SCMR 22nd Annual Scientific Sessions
Description of Clinical Presentation:
A 61-year-old Caucasian man with recently diagnosed eosinophilic chronic myelomonocytic leukemia (CMML) presented with fever and dyspnea. He had pallor, leg edema, S4 gallop and leukocytosis (54 × 109/L, with 55% eosinophils). He had no history of travel to the tropics. Echocardiogram showed LVEF 60%, grade 2 diastolic dysfunction and apical LV thickening concerning for a tumor or laminated thrombus or focal hypertrophy. Due to severe thrombocytopenia, he could not undergo endomyocardial biopsy or anticoagulation. Cardiac MRI allowed us to arrive at the diagnosis of Loeffler’s endocarditis (LE). He was treated with high dose dexamethasone and imatinib - his heart failure symptoms improved over the next few weeks.
Diagnostic Techniques and Their Most Important Findings:
Transthoracic echocardiogram showed apical endomyocardial obliteration and ventricular thrombi. Cardiac MR has become a crucial test in establishing the diagnosis and monitoring treatment response in LE. CMR images showed complete obliteration of the apex with a mass isointense to that of myocardium. First pass perfusion images showed a subendocardial perfusion defect at the apex and thrombus lining the apex proven on long inversion time images. Late gadolinium enhancement (LGE) is seen in the apical endocardium and mid myocardium.
Learning Points from this Case:
Löeffler endocarditis (LE) is a rare type of restrictive cardiomyopathy characterized by abnormal eosinophilic infiltration with degranulation and endomyocardial fibrosis. It may be seen in any eosinophilic state including drug reactions (methysergide, ergotamine), parasitic infections, Hypereosinophilic Syndrome (HES), a myeloproliferative disorder marked by persistent peripheral eosinophilia (>1.5 × 109/L) and end-organ damage. In the initial stages of LE, eosinophilic infiltration and degranulation result in endo and myocardial damage/necrosis. This is the followed by a thrombotic phase and finally a fibrotic restrictive phase wherein there is scarring of the apical and mid LV endocardium, the inflow tracts, papillary muscles and chordae. Thrombus formation and embolic phenomena are common. Valvular regurgitation and pericardial effusions are common.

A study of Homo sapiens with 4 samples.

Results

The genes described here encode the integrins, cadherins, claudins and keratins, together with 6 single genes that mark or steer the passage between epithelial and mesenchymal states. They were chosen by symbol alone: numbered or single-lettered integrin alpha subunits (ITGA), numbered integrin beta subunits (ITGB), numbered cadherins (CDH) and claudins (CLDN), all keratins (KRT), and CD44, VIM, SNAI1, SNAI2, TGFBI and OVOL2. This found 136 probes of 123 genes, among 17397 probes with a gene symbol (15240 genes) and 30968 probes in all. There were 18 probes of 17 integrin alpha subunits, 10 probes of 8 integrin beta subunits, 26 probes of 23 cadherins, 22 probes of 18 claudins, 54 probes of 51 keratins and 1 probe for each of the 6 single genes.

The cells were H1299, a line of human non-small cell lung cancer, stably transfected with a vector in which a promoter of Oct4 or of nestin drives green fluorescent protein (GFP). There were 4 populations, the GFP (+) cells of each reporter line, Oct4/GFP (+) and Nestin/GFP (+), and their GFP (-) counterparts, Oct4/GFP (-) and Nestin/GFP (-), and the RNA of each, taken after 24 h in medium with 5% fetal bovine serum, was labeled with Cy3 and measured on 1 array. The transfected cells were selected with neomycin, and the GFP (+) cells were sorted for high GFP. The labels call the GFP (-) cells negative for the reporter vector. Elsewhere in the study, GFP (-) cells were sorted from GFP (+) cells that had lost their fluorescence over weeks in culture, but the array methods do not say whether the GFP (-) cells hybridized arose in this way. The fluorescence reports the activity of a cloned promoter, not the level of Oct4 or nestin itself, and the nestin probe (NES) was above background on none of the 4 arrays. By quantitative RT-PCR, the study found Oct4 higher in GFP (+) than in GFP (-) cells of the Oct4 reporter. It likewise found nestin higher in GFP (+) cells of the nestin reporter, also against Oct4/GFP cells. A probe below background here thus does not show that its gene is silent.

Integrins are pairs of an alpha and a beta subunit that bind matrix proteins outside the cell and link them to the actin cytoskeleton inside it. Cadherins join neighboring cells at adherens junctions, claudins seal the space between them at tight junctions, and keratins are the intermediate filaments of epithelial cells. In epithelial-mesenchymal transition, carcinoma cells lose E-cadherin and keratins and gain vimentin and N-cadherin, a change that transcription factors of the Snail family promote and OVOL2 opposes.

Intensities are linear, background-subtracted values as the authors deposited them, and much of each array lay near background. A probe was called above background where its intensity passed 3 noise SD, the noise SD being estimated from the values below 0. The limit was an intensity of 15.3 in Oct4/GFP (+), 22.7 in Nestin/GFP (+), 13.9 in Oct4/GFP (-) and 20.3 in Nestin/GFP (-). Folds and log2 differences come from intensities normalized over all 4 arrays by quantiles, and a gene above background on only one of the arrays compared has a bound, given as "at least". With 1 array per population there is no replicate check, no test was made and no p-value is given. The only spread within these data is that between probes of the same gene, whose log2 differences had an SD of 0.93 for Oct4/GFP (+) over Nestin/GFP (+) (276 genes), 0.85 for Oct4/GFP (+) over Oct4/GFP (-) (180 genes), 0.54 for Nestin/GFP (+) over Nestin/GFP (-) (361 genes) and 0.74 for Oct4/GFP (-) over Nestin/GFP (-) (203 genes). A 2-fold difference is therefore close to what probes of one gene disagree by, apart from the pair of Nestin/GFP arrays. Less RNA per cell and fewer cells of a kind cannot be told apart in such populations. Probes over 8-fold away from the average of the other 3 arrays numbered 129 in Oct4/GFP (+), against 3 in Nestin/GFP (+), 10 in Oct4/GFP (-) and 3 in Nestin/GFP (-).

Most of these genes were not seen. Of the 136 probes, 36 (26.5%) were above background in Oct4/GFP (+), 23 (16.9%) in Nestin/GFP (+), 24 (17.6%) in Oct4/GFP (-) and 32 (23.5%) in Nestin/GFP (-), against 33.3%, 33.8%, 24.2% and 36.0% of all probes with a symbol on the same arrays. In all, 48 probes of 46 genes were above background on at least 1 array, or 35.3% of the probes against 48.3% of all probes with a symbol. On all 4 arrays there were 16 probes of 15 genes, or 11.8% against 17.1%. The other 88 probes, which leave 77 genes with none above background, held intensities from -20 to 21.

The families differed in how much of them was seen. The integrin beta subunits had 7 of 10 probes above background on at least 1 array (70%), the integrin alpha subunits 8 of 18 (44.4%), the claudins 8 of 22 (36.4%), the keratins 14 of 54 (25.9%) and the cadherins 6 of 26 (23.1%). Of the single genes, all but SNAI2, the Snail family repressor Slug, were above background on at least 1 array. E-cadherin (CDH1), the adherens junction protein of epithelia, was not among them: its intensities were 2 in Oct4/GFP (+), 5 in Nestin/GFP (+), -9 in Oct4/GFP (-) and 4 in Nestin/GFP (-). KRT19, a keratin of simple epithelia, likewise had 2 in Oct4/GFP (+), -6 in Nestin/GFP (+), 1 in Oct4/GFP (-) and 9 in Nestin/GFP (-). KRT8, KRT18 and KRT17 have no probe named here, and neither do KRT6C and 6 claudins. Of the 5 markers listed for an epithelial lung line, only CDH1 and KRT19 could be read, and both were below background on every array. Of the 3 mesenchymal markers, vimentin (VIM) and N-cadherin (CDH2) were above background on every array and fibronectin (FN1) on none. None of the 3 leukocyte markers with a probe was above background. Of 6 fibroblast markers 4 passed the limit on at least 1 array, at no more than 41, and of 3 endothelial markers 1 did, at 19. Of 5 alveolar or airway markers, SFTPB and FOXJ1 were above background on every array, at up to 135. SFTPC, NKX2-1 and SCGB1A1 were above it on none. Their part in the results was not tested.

Differentials include apical hypertrophic cardiomyopathy, carcinoid heart disease, metastatic tumors and ventricular non-compaction. Diagnosis is often late once patients become symptomatic from underlying heart failure. Treatment of the underlying cause is the mainstay (e.g. chemotherapy), along with anticoagulation. Rarely, in advanced disease, surgical endocardial stripping can be considered. In our patient, the underlying disease state along with the classic CMR findings helped us establish and diagnosis and treat the underlying cause even though endomyocardial biopsy was not feasible.